I am learning the Haskell programming language. From what I am reading, Input/Ouput (IO) raises challenges for Haskell's purity, since by definition we are interacting with the outside world. From Wikipedia:
In a purely functional language, such as Haskell, functions cannot have any externally visible side effects as part of the function semantics. Although a function cannot directly cause a side effect, it can construct a value describing a desired side effect, that the caller should apply at a convenient time.
In the Haskell notation, a value of type IO a represents an action that, when performed, produces a value of type a.
Soon, I learned that IO is an example of a Haskell monad. Although we don't get a lot of explanation of what monads are. From Functors, Applicatives, And Monads In Pictures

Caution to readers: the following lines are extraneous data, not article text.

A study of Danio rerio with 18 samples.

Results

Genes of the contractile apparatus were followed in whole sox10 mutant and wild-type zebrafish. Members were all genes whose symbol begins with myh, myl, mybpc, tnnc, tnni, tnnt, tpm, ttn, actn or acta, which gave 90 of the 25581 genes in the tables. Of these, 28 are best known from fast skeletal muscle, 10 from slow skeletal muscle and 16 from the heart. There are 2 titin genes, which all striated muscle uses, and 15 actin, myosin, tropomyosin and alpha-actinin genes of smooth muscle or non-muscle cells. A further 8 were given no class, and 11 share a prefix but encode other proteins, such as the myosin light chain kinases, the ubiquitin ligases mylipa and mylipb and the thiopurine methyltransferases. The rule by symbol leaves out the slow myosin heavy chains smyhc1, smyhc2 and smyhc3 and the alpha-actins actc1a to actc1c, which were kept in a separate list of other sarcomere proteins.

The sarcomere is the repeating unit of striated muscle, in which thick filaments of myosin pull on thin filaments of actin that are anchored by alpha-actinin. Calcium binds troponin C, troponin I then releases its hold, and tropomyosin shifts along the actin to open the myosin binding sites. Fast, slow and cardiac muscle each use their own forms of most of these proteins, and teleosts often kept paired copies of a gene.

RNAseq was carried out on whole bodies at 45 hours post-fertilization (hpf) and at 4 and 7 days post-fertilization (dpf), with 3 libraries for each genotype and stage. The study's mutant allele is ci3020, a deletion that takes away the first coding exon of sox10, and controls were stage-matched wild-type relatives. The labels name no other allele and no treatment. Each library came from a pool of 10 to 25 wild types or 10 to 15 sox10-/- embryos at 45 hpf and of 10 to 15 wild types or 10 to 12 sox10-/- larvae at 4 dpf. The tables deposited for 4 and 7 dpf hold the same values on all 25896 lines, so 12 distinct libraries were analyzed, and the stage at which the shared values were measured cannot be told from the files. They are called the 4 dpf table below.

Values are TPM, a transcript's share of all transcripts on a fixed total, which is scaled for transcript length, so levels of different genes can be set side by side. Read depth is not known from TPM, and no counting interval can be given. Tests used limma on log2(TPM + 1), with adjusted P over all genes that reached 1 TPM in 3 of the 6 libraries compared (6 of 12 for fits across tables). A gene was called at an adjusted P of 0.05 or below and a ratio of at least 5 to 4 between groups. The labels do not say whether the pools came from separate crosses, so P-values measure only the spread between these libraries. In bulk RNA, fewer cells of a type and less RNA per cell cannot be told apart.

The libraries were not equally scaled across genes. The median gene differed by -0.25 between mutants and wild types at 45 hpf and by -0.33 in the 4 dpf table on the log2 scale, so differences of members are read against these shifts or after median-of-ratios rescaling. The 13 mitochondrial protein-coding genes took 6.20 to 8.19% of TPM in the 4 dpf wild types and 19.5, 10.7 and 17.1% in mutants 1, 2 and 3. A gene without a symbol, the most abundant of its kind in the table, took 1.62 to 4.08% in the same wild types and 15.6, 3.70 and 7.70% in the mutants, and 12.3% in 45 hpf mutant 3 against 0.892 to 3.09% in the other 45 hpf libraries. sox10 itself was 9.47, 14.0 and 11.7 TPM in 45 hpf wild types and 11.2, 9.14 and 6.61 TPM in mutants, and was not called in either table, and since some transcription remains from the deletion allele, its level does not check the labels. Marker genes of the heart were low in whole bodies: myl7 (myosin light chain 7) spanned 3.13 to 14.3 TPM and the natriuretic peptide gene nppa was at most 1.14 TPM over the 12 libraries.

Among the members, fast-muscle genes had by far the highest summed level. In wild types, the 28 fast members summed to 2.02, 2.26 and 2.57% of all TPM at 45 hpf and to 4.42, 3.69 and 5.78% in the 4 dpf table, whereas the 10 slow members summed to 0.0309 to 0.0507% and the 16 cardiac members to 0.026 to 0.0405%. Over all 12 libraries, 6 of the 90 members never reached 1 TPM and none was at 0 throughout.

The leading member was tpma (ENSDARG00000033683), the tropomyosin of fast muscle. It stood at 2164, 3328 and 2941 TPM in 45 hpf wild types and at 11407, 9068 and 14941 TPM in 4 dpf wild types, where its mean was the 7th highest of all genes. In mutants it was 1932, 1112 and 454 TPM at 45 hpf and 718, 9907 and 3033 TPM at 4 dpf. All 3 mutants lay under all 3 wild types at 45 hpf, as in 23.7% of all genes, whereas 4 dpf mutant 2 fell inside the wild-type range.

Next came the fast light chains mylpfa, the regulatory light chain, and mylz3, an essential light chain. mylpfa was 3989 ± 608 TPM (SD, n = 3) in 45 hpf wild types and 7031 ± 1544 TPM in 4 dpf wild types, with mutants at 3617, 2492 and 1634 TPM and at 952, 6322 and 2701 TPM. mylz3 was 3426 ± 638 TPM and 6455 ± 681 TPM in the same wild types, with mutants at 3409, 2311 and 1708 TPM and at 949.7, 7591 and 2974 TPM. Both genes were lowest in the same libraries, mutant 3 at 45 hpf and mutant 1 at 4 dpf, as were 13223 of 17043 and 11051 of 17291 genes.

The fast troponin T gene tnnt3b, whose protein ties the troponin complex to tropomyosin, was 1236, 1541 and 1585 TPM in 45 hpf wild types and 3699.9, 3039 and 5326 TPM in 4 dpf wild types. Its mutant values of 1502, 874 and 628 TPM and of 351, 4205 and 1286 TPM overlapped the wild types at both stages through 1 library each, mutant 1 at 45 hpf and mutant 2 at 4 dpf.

How to learn about Monads:
- Get a PhD in computer science.
- Throw it away because you don’t need it for this section!
By now, I have read various definitions of - that they add context or create smaller programming languages inside a big one around a specific concept. Still trying to get a sense of what monads and how those ideas apply.
monad is another typeclass, with basically only one rule defining it. And
IO is an instance of that.
class Monad m where (>>=) :: m a -> (a -> m b) -> m b
Is there something algebraic going on here? What is so algebraic about IO?
I apologize for being language specific. My hope is that most of this discussion applies to all functional programming languages. Any errors in my discussion represent my own limited understanding of this area.
There is another definition of monad I found in nLab that is not even specific to programming languages.
In a separate question, I would like to understand how the category theory notion of monad matches with the CS definition in the case of Haskell.